Steeped in NH History
This 1649 Homestead listed on the National Register of Historic Places, in 1998 became Three Chimneys Inn, ffrost Sawyer Tavern which is the oldest house in Durham and one of the oldest buildings in New Hampshire.
Part of the original settlement at Oyster River Falls, this property is a "living" record of over three centuries of cultural and commercial development, having passed through four significant families prior to 1987, when Sagamore Hill, Inc. obtained the property and completed restoration in 1997h
The first owner was Valentine Hill, "New England’s Leading" seventeenth century entrepreneur. Stackpole's History says that: on the 29th day of the 9th month, 1649, Valentine Hill and Thomas Beard were granted the fall of Oyster River to set up a sawmill with accommodations of timber for the mill. On the 14th of the 5th month, 1651, the town granted to Valentine Hill, five hundred acres for a farm, adjacent to his mills at Oyster River. This tract embraced the greater part of the site of the present village of Durham. Hill's holdings were extensive, including a sawmill, a gristmill and water rights at the falls, directly across from what is now Durham Town Landing Park. Here Hill employed "seven Scots" and among other industries, lumber was milled for use in the ship building industry.
In 1649 Valentine Hill built the original homestead, much of which was ferried up the Oyster River by gundalo. The house was single story with a basement and an upstairs living area-kitchen combined. The outdoor summer kitchen fireplace can be seen in our Tavern. In 1699 Nathaniel Hill, son and heir of Valentine, made a two story addition to the House, which now forms the front entrance to the "Maples" and "Coppers" dining rooms.
The house survived the Indian attack of 1694 that destroyed many of the nearby homes and was equipped, in 1699 with "Indian Shutters" for protection. During the revolutionary war, according to the story, the home was a storage place for munitions that were taken from the British Blockhouses in Portsmouth and hidden for use by Revolutionary troops.
In the 1700's the home passed briefly on to the Woodman family, descendants of the Hills by marriage. The barn, containing a brick cistern where water was collected for usage year round was built in 1795. That same year the property for the cemetery was deeded to the town.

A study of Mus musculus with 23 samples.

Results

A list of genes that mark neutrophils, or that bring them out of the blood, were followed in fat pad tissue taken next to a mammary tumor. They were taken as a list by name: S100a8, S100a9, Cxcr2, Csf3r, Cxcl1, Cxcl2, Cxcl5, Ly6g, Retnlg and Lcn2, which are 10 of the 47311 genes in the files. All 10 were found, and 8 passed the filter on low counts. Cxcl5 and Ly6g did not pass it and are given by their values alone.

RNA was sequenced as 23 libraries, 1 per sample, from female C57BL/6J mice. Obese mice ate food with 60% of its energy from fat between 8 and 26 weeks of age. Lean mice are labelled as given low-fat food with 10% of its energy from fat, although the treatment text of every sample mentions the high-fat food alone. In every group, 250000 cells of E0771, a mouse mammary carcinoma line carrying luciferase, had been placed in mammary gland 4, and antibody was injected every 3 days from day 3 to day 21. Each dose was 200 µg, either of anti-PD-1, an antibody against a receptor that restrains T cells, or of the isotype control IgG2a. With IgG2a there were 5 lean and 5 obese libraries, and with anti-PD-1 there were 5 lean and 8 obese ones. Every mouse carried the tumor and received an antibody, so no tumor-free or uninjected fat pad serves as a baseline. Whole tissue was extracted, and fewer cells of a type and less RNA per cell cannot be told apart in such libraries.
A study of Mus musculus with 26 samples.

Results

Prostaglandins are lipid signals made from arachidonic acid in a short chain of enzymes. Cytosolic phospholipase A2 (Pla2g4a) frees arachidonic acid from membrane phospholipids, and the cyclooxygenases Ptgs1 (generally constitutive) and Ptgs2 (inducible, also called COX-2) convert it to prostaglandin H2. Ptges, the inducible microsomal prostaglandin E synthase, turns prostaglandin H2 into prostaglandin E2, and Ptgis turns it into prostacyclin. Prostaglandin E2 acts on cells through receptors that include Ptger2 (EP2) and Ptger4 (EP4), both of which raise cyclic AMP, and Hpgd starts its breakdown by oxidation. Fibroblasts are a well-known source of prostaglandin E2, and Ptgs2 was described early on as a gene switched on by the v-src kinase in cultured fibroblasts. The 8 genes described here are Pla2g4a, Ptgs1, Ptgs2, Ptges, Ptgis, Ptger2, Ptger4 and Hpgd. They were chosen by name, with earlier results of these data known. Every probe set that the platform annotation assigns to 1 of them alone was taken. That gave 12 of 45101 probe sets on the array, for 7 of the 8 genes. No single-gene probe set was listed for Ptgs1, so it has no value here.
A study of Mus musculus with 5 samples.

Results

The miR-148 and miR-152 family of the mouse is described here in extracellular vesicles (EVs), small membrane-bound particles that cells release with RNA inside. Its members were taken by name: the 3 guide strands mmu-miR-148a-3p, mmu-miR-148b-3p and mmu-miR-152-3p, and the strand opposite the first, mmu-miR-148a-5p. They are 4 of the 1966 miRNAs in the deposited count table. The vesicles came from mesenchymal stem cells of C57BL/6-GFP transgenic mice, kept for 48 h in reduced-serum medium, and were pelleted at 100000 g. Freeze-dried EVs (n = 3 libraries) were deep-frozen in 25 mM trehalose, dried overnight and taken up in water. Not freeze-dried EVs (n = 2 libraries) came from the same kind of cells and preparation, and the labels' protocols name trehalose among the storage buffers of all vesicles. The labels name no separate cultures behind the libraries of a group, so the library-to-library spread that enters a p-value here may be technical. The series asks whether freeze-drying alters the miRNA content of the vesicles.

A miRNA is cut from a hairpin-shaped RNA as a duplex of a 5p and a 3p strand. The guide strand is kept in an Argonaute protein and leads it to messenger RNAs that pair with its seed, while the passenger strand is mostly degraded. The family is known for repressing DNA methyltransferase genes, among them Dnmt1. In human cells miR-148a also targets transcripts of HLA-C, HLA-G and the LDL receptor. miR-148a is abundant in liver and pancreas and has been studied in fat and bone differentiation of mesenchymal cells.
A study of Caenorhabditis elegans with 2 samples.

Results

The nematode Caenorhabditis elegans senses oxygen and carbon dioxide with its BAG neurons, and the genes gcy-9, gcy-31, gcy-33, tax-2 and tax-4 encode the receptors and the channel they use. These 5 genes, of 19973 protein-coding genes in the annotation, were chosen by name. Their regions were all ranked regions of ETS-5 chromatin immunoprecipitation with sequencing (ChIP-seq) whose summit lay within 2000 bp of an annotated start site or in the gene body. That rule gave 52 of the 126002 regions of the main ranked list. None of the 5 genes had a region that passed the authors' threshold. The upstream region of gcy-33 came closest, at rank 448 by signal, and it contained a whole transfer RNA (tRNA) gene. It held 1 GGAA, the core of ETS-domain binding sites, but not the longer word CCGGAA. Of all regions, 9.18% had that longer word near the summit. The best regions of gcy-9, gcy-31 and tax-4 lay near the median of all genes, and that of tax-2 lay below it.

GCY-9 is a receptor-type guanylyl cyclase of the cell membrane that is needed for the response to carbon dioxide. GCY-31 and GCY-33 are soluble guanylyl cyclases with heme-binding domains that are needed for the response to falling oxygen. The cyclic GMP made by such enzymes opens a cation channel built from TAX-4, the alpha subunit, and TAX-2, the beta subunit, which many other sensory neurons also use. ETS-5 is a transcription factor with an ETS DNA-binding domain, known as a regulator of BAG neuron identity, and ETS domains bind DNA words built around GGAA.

In the 1800's, George ffrost the second, purchased the current property from the Woodman’s and hired Jacob Odel, now buried in the graveyard beside the property, as architect. This noted local joiner rebuilt the interior adding Federal style trim and giving the roof a lower slope. The barn was also "dressed up" with Italianate eaves and cupola. In the front of the property there is a hand dug well that is 12 feet across and 40 feet deep covered by a large granite slab. There is an additional well on the lower portion of a building on School House Lane that is approximately 6 feet deep.
During an epidemic of Typhoid, these wells, in use until 1912, were covered over due to contamination. The ffrosts were highly successful merchants and the modernized homestead is tangible evidence of the commercial activity of this period. The transformation of the homestead from a working adjunct of the business to small town Victorian estate heralds the decline of the Oyster River Falls as a commercial center. For a brief period ending in 1830, Durham was a ship building center. The arrival of the railroad in Durham in the 1840’s provided a faster, more efficient alternative to river commerce.
The ffrost sisters inhabited the house for several years and did extensive work on the gardens.
Early in the 1900's, James and Margaret Pepperall (ffrost) Sawyer took over the estate, completing the transformation of the grounds and turned into a Colonial Revival summer estate with extensive formal gardens, arbors and an elaborate stone wall. Tennis courts (now gone) and a swimming pool, which remains as a reflection pond for the Inn, were added in 1912.
After this revival period the building and grounds passed from hand to hand and were left, essentially, to fall to ruin.
It is significant perhaps to note that commerce has come once again to what was, so long ago, the hub of commercial venture in the innermost heart of New Hampshire's Seacoast. Here at Three Chimneys Inn, ffrost Sawyer Tavern and "Maples," when it is cold and winds gust off "Little Bay", we hope our guests will warm themselves by one of our restored, original wood burning fireplaces. When the weather is fair, we hope you will walk about in history with the ghosts of Valentine Hill, the Woodman's, the ffrost's and Sawyer's and enjoy the terrace gardens, now restored and replanted with perennials.